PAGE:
American Lung Association Urges Prevention and Protection During Record 2013 Flu Outbreak
Flu vaccination is recommended as the first line of defense, coupled with preventative actions such as frequent hand-washing and staying home when you're sick.
Editor's note: The following is a press release issued by the American Lung Association.
Influenza activity continues to increase in the United States, with most of the country now experiencing high levels of influenza-like-illness, according to the Centers for Disease Control and Prevention (CDC) weekly flu report.
The American Lung Association strongly recommends that consumers protect themselves by getting a flu vaccine and taking preventive action to stop the spread of germs. Those who do get severely ill, especially people in high risk groups, should seek antiviral treatment as soon as possible.
“We can’t emphasize enough how important it is and how easy it is to provide your family with as much protection as possible by getting vaccinated against the flu,” said Harold Wimmer, President and CEO of the American Lung Association in Illinois. “Immunization is especially important for those at higher risk – young children, pregnant women, those who are 50 years of age or older, people with certain chronic medical conditions including asthma, COPD and heart disease and healthcare workers and caregivers who are in close contact with those at high risk.”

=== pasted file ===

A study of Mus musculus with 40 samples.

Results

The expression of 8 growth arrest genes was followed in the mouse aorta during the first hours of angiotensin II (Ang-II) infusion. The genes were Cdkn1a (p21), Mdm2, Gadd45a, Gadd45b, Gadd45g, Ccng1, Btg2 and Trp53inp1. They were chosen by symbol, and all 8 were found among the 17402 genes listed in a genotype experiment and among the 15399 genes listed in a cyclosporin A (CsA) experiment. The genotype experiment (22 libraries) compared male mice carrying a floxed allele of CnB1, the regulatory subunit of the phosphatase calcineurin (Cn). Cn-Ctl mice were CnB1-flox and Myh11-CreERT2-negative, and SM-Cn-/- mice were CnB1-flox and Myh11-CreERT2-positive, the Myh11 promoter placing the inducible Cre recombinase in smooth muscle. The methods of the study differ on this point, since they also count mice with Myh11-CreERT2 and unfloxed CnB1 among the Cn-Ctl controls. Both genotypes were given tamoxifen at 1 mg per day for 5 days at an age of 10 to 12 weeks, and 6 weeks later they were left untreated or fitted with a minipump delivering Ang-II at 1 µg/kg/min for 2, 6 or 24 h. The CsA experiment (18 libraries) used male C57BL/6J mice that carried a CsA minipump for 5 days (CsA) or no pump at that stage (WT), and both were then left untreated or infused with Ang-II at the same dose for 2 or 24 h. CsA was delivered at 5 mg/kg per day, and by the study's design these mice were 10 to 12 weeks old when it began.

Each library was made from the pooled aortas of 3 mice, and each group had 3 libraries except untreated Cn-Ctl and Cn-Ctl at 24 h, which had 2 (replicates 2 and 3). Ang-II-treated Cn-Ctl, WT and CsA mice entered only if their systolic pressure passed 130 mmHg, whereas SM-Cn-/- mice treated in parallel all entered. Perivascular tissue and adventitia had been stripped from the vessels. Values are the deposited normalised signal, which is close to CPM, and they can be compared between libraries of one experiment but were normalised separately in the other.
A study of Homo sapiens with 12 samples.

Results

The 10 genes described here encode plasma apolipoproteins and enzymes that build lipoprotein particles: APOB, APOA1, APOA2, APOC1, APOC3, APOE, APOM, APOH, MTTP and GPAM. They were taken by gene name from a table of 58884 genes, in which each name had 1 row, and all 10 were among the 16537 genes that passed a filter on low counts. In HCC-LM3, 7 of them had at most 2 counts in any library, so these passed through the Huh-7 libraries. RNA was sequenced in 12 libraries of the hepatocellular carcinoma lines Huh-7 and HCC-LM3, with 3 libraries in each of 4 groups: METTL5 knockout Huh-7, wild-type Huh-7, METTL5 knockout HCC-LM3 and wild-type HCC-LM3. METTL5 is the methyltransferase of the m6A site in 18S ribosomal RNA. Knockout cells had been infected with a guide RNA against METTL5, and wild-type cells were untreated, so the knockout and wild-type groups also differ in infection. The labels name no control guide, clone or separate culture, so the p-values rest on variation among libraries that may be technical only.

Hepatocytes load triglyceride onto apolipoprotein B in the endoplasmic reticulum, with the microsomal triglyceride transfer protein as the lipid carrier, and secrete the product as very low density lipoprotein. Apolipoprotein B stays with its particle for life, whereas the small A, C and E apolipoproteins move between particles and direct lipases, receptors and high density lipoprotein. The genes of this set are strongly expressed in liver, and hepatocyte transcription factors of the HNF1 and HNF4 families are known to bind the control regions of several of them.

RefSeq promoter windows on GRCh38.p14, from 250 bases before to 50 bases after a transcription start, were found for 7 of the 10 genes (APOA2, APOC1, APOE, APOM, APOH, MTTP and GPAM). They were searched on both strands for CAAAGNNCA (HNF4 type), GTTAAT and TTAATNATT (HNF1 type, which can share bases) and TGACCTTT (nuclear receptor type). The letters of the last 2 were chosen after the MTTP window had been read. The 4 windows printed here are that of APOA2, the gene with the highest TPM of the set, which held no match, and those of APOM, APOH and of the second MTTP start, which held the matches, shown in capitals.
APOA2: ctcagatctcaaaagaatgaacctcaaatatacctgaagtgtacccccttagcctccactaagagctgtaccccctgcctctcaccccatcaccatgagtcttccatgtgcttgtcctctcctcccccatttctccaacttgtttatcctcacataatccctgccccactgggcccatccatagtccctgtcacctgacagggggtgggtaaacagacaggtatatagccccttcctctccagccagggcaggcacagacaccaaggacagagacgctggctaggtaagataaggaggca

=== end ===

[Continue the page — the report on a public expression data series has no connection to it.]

The American Lung Association also encourages everyone to take preventive action to help prevent the spread of the disease, including:
- Cover nose and mouth with tissue when sneezing or coughing and throw away the tissue after use.
- Avoid touching eyes, nose and mouth, where germs spread easily.
- Wash hands often with soap and water.
- If you’re feeling sick, stay home from work, school and public places, so you don’t infect others.
Influenza is a highly contagious upper respiratory illness that can include some or all of the following symptoms: fever, cough, sore throat, nasal congestion, body aches, headache, chills, fatigue, diarrhea and vomiting.
Most people who contract the flu will have a relatively mild case and will not need to see a healthcare provider for antiviral treatment. However, if you experience severe symptoms and are worried about your illness or are among those at higher risk, visit your healthcare provider, who can determine whether influenza testing or treatment are needed.
The following are warning signs that influenza has worsened and medical attention is needed.
- Fast breathing or trouble breathing
- Bluish skin color
- Not drinking enough fluids
- Not waking up or not interacting
- Being so irritable that the child does not want to be held
- Flu-like symptoms improve but then return with fever and worse cough
- Fever with a rash
In addition to the signs above, get medical help right away for any infant who has any of these signs:
- Being unable to eat
- Having trouble breathing
- Having no tears when crying
- Significantly fewer wet diapers than normal
- Difficulty breathing or shortness of breath
- Pain or pressure in the chest or abdomen
- Sudden dizziness
- Severe or persistent vomiting
- Flu-like symptoms that improve but then return with fever and worse cough
The CDC, along with the support of leading health experts, recommends that everyone six months of age and older be immunized. Find out more at www.facesofinfluenza.org or call the American Lung Association Lung HelpLine at 1-800-LUNG-USA to find out where you can get immunized against the flu.